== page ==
Indoor Air Quality, also known as IAQ, refers to the quality of the air within a building.
IAQ is an important, and often overlooked, area of building improvement.
The effects of improved IAQ are immediate for those who work and do business in your building.
Conversely, existing health issues can be exacerbated by poor IAQ, since poor indoor air quality can damage weakened immune systems.
Some immediate effects are irritation of the eyes, nose and throat, headaches, dizziness and fatigue.
Long-term health issues can include respiratory diseases, heart disease and cancer.
Breathing low-quality air can aggravate the conditions of asthma and allergy sufferers, leading to more time off of work due to illness.
According to the American Academy of Allergy Asthma & Immunology, approximately 7.8 percent of American adults have hay fever, otherwise known as allergic rhinitis.
Hay fever causes cold-like symptoms, such as runny nose, itchy eyes, congestion, sneezing and sinus pressure and is caused by an allergic response to pollen, dust mites or pet dander.
Asthma is a chronic inflammatory lung disease that occurs when the airways react to a variety of stimuli.
Approximately 18 million adults live with asthma.
It can be life-threatening when not properly managed, and annually, approximately 3,000 people die from asthma-related issues.
Asthma triggers include: Respiratory infections and colds; cigarette smoke; allergic reactions to pollen, mold, animal dander, feathers, dust, food and cockroaches; indoor and outdoor air pollutants; exercise; excitement; and stress.
According to the U.S. Centers for Disease Control and Prevention (CDC), air quality can be improved by smoke-free air laws, improving ventilation and air purification in older buildings and reducing or eliminating known triggers.
Triggers contributing to poor air quality include: Combustion sources, like oil, gas, kerosene, coal, wood and tobacco; building materials, like asbestos insulation and new carpet and paint; cleaning and maintenance products; plug-in/portable humidifiers; outdoor sources, such as radon, pesticides and outdoor air pollution; and poor ventilation.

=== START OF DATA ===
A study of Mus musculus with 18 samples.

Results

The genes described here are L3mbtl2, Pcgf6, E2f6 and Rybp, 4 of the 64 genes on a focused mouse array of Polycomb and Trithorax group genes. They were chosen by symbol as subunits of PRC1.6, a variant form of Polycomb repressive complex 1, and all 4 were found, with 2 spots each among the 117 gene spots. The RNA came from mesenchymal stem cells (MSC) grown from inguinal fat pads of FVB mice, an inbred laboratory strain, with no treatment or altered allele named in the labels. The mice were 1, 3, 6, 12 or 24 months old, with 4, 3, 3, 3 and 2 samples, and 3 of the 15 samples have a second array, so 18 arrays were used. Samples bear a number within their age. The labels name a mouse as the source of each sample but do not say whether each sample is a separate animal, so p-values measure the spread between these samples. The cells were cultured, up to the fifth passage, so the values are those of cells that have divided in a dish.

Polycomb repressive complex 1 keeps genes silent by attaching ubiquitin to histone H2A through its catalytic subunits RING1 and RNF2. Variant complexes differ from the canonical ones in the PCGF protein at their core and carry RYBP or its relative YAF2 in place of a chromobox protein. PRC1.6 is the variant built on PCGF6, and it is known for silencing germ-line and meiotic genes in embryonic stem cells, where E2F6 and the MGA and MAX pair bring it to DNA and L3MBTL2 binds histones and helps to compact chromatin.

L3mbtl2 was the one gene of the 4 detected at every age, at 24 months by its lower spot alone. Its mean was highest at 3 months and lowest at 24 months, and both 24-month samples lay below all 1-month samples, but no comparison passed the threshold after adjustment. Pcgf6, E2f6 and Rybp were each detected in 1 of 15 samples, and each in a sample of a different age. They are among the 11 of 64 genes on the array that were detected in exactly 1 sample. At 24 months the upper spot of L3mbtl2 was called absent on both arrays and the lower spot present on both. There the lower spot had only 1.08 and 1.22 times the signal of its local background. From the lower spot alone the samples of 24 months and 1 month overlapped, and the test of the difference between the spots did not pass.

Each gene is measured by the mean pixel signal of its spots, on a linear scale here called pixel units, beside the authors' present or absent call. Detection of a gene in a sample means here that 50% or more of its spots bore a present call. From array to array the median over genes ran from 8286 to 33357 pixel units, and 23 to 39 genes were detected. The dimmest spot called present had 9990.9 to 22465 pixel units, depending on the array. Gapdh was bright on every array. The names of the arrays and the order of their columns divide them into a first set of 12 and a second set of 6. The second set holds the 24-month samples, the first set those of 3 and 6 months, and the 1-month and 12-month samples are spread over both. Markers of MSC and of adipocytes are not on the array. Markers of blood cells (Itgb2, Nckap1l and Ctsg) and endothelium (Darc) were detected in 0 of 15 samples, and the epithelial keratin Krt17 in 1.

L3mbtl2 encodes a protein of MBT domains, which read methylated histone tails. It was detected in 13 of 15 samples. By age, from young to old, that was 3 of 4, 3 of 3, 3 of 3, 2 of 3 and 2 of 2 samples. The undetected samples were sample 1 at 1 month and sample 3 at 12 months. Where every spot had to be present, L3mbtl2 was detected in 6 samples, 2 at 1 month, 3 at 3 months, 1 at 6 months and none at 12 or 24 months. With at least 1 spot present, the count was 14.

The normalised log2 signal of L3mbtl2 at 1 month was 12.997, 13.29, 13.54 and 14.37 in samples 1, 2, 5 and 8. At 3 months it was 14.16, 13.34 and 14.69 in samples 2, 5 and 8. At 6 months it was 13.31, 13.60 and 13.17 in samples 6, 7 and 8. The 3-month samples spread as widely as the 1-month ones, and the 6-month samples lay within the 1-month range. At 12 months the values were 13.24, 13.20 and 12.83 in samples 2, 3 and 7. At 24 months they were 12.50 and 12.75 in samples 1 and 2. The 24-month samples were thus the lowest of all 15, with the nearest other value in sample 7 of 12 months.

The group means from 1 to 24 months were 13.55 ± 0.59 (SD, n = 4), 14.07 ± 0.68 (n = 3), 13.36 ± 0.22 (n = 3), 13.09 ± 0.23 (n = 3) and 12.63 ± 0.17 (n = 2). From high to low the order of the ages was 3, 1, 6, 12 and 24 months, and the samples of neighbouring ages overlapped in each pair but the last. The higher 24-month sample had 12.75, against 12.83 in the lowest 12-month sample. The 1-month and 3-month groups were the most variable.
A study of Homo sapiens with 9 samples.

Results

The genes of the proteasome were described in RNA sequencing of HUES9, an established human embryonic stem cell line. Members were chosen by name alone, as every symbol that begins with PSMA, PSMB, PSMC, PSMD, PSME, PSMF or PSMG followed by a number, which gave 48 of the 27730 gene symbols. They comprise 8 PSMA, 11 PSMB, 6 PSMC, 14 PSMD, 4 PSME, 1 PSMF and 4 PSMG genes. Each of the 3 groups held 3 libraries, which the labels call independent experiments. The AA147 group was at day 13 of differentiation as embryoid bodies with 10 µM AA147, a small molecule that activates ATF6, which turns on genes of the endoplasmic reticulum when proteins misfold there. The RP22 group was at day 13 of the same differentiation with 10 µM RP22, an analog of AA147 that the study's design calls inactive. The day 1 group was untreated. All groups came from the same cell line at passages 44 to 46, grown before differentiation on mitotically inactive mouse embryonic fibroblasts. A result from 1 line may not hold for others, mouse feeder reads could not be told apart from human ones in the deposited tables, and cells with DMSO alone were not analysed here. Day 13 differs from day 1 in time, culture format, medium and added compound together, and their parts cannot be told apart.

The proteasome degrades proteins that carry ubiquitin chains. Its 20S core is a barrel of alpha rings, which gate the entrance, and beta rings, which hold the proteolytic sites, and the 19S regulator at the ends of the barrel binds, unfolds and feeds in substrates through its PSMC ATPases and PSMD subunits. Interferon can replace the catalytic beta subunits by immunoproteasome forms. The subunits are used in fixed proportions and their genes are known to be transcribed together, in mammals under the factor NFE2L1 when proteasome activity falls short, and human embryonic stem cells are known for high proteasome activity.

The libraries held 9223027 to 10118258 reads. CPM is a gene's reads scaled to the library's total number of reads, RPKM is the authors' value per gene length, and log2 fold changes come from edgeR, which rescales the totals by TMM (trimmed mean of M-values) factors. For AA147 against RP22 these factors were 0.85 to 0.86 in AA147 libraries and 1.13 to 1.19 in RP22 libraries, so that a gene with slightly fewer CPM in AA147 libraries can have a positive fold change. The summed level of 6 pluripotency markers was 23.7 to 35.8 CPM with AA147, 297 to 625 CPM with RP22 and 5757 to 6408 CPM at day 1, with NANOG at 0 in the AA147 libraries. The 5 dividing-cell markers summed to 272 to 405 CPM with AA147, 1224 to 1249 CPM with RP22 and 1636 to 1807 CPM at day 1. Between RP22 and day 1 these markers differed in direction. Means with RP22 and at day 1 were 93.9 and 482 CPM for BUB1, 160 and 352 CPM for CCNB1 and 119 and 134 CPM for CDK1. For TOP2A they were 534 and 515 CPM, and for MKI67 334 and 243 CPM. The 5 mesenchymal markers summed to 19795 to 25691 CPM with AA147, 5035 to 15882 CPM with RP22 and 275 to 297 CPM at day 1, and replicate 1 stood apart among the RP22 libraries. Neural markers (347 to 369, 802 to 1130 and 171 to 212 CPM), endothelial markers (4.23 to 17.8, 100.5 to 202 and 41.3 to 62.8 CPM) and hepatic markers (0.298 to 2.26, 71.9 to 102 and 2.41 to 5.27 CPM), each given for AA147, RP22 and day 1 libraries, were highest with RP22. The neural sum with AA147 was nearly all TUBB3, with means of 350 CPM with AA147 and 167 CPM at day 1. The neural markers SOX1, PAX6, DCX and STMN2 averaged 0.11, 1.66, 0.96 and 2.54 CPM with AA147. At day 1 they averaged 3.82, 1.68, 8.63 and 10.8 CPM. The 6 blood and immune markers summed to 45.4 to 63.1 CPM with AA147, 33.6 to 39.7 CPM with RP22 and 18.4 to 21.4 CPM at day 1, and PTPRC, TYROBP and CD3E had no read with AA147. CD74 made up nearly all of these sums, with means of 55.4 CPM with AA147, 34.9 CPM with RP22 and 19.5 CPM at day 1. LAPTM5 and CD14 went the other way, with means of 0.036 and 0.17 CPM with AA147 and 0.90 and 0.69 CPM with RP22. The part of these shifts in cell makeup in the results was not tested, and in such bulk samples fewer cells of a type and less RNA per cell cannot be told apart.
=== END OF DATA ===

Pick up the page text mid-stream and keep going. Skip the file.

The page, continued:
Getting a handle on the sources of contaminants affecting your building's IAQ is the first step.
Here are some tips to improve your building’s indoor air quality and the health of your employees:
Smoke outside and away from doorways.
The harmful chemicals in cigarettes can linger in the air, affecting other people in the building.
Take cleaning to the next level.
Eliminating harmful mold and mildew in bathrooms and basements is essential.
Use all-natural cleaning products whenever possible to cut down on further contaminating the building.
Repair all standing water issues and keep your building’s humidity under 50 percent.
Any higher and you risk creating an environment where harmful bacteria, mold and mildew can thrive.
Properly vent all fuel-burning appliances.
This includes appliances like gas stoves, water heaters and fireplaces.
Don't store chemicals, paints or solvents within the building.
Keep them in a garage or storage area if at all possible.
Evaluate air fresheners.
Air-freshening devices may make your air smell nice, but they do so with a mix of chemicals that can be toxic.
The next level to improve IAQ is to incorporate more permanent technology to clean and purify the air.
A licensed contractor can evaluate and assess IAQ issues and make suggestions based on your building’s specific needs.
Here are some steps a contractor may take.
Improve ventilation in the facility.
There are two ways to accomplish this: Via natural methods, like opening windows to allow for natural air flow through the building, or mechanical methods, like utilizing industrial fans to move the air.
By improving air flow, IAQ issues stemming from foul odors, allergens and combustion and building materials can be reduced or eliminated.
Utilize an ozone generator, once the area is vacated.
Ozone has the ability to completely destroy the molecules found in bacteria, mold and mildew.
This method allows for a deep clean by permeating small cracks in the walls, therefore eliminating any issues from within the building's own structure.
Low levels of ozone are also effective and safe.
The use of hydrogen peroxide and hydroxyls is the latest technology available.
It is extremely effective and has no adverse side effects.
This type of technology can be installed directly in the building’s existing HVAC system and allows for continuous cleaning of the air and surfaces, even reducing dust, allergens, mildew and bacteria by up to 99 percent.
This method can improve the health of everyone in the building, particularly those who suffer from allergies, asthma and other respiratory illnesses.
It also can cut down on the spread of the common cold and flu, since the technology cleans each surface in the environment, including bathrooms and kitchens.
No matter how big or small, making steps towards improving your building's indoor air quality will help everyone breathe easier.